Monrovia – The standard bearer of the opposition Coalition for Democratic Change (CDC), Senator George Weah, has called on his colleagues wishing to contest in the upcoming elections to respect the law, despite being rejected by the National Elections Commission (NEC) for alleged breach of the Code of Conduct.
The football legend turned Senator, spoke to FrontPageAfrica Friday when he presented his party’s nominations to the NEC.
“Every competition I have participated in my life, I have encouraged participation, not elimination. But be as it may, the law is the law and let the legal people do their work,” he said.
Sen. Weah and his running mate, Jewel Howard Taylor, stand clean in the face of the contentious sections of the National Code of Conduct.
Harrison Karnwea who was nominated as vice standard bearer of the Liberty Party two weeks after his resignation as Managing Director of the Forestry Development Agency (FDA) and former U.S. Ambassador to the United States and the Americas, Jeremiah Sulunteh, were rejected by NEC Friday morning.
They were the second batch of nominees to be rejected by the electoral body.
Former Executive Governor of the Central Bank of Liberia and leader of the Movement for Economic Empower (MOVEE) is yet to present to the electoral body his party’s nominations.
However, it is likely that his nomination as standard bearer of MOVEE would be rejected.
Dr. Jones served his full two terms at CBL before leaving office last year.
He had always promised to resist the Code of Conduct, despite it being upheld by the Supreme Court.
Jones in March this year told his supporters, “We will resist that law, we don’t care whether it was approved by the Court of Pontius Pilate”
“I will contest and nothing can stop me from being a candidate in the elections come 2017,”he said.
Jones and Karnwea have both argued that they never expressed interest to contest in any election while they were actively serving their appointed positions.
Section 5.1 and 5.2 of the Code of Conduct that provides that “All officials appointed by the President of the Republic of Liberia shall not (a) Engage in political activities, canvass or contest for elected offices (b) Use government facilities, equipment or resources in support of parties or political activities.
The CoC also states that such persons cannot (c) Serve on a campaign team of any political party, or the campaigns of any independent candidate.
Section 5.2 says “Wherein any person in the category stated in section 5.1 desires to canvass or contests for an elective public position, the following shall apply.
“(a )Any Minister, Deputy Minister, Director-General, Managing Director and Superintendent appointed by the President pursuant to article 56 (a ) of the Constitution and a Managing Director appointed by a Board of Director, who desires to contest for public elective office shall resign said post at least two years prior to the date of such public election.
“(b) Any other official appointed by the President who holds a tenured position and desires to contest for public elective office shall resign said post three years prior to the date of such public election.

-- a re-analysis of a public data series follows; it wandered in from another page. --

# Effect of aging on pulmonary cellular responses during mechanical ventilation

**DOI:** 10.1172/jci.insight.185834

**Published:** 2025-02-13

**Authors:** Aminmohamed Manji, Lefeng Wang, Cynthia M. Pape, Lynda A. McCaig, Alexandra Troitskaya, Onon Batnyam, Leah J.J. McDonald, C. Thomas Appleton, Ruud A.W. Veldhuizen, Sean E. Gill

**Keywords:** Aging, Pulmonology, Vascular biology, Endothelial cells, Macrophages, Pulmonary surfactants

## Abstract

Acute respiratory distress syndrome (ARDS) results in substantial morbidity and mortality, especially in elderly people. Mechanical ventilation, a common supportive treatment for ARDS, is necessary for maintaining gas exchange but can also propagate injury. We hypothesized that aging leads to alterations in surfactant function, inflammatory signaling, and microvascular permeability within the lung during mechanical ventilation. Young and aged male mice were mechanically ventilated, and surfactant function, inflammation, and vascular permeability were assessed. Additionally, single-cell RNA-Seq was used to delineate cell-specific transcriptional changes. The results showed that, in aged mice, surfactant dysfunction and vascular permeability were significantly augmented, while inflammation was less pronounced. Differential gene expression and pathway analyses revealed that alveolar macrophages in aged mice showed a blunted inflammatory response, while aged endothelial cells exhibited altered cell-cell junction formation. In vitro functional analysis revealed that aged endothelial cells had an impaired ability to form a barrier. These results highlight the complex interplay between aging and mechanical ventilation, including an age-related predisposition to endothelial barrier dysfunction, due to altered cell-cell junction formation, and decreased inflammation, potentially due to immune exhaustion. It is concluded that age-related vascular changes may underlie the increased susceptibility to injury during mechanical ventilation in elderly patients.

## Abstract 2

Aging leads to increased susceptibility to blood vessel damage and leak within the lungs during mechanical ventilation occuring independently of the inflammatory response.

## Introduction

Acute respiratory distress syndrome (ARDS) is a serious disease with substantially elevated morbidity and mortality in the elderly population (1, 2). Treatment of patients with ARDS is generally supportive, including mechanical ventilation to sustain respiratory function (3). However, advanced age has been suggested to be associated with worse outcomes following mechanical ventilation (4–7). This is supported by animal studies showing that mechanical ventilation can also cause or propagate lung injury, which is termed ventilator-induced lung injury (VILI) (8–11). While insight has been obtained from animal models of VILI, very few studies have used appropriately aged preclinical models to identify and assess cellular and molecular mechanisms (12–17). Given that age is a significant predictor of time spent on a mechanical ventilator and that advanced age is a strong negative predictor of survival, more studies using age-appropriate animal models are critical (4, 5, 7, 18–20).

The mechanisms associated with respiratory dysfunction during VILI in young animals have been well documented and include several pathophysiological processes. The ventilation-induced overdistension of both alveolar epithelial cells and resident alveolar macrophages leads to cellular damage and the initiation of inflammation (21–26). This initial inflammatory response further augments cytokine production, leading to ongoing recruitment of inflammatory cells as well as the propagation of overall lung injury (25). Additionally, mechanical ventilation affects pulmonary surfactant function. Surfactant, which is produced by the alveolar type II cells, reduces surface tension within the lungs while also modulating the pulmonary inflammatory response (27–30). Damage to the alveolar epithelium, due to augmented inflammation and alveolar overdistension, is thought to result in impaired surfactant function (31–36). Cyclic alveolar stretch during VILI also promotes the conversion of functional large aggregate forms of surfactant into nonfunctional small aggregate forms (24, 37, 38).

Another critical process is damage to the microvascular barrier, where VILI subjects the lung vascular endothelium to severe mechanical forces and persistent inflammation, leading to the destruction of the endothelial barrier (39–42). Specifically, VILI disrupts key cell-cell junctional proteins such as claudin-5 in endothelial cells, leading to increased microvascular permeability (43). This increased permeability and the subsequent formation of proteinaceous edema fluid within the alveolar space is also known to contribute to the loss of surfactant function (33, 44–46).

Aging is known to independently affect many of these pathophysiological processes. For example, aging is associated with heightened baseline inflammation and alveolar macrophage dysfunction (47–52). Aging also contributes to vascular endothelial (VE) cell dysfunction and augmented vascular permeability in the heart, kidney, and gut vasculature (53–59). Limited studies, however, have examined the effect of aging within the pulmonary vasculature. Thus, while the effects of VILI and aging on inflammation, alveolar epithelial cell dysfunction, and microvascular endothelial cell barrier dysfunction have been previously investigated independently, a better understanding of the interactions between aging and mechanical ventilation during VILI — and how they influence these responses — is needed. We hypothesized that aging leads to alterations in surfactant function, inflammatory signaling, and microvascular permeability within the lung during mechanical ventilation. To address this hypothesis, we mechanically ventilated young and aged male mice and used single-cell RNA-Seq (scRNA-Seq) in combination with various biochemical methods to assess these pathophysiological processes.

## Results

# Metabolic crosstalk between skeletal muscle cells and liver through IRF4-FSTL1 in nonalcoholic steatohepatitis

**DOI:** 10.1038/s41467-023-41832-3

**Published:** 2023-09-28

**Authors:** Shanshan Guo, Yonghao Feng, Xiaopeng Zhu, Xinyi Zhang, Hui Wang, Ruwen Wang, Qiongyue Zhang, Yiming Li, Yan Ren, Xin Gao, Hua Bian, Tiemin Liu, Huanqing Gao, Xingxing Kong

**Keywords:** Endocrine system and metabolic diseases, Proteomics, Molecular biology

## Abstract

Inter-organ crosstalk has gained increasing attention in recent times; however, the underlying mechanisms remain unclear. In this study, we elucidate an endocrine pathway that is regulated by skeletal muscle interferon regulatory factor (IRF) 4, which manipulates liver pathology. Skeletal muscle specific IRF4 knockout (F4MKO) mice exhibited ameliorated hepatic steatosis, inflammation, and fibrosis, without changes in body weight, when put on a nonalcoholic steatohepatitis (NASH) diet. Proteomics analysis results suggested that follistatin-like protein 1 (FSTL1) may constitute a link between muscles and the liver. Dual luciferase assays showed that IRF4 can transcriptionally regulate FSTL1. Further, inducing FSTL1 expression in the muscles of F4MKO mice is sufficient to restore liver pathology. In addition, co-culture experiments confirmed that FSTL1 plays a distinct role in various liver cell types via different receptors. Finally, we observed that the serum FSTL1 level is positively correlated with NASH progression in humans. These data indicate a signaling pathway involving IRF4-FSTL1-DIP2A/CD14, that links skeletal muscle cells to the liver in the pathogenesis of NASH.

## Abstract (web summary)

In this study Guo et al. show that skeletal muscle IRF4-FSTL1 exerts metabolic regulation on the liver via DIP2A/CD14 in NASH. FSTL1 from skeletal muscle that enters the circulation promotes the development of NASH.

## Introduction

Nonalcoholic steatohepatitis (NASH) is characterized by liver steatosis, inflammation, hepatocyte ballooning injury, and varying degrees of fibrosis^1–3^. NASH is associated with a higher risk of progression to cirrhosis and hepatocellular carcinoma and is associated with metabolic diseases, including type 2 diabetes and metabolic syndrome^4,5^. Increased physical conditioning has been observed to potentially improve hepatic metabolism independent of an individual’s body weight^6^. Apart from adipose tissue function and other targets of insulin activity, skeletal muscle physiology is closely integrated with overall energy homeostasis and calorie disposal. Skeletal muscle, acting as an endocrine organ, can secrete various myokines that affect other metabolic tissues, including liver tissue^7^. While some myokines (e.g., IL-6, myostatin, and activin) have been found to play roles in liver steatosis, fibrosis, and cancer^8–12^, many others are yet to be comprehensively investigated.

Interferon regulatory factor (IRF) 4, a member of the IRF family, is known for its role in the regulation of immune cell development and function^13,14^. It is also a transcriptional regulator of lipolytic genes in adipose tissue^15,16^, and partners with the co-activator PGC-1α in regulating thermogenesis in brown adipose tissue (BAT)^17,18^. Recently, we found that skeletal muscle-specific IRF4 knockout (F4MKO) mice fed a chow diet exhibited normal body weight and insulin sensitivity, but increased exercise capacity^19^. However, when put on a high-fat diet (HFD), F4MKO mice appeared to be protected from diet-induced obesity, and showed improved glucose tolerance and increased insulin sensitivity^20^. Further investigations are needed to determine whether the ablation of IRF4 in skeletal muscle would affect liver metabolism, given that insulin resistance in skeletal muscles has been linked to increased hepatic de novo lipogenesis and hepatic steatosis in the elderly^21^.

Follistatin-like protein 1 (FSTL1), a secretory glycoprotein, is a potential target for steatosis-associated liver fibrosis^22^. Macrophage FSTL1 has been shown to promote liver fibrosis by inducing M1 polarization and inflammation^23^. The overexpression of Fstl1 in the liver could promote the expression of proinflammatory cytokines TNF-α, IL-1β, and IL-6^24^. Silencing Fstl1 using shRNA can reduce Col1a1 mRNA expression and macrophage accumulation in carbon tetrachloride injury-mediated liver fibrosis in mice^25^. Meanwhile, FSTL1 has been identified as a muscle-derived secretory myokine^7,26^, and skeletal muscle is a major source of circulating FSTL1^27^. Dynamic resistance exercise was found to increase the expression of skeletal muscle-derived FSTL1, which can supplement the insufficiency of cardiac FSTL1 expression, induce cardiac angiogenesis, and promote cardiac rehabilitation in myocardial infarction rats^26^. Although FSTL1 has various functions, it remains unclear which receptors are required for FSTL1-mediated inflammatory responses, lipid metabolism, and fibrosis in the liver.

“(c) However, in the case of impeachment, death, resignation or disability of an elected official, any official listed above desirous of canvassing or contesting to fill such position must resign said post within thirty days, following the declaration of the National Election Commission (NEC) of the vacancy.
Meanwhile, the NEC is to file its response to a Writ of Prohibition on the electoral process to the Supreme Court on Monday.
Abu B. Kamara who is aspiring to contest Montserrado County 15 District seat but was rejected by NEC for breaching the CoC petitioned the country’s highest court to put a stay order on the process and have the NEC reverse its decision, which he believes was not done in accordance with the law.
The Supreme Court in March this year ruled the Code of Conduct as a legal after it was challenged by Bong County Superintendent, Selena Mappy-Polson, who thought it trampled upon her constitutional rights.
In a related development, the opposition Liberty Party in a statement late Friday condemned what it described as dangerous trend developing ahead of the upcoming elections.
The party accused the elections commission of being in tandem with the ruling Unity Party to sabotage the upcoming elections.
“The apparent joint decision from the National Elections Commission and the Unity Party has made headlines on the news outlets across the country, most notably, the National Broadcaster – ELBC and yet, the UP-NEC decision is yet to be communicated to the Liberty Party.”
The party added: “The dangerous trend of party-controlled Elections Commission, raises fundamental concerns about what lies ahead in this crucial electioneering period.
We regrettably request the Public and the international community to take note at this time that the integrity and credibility of the elections commission has been brought into question which could have far-reaching consequences if it is not brought to a check immediately. Liberty Party condemns in the strongest term this latest development- the misfeasance and impartiality of the NEC.
The Liberty Party awaits a formal communication from the National Elections Commission which will give rise to an additional response by the party.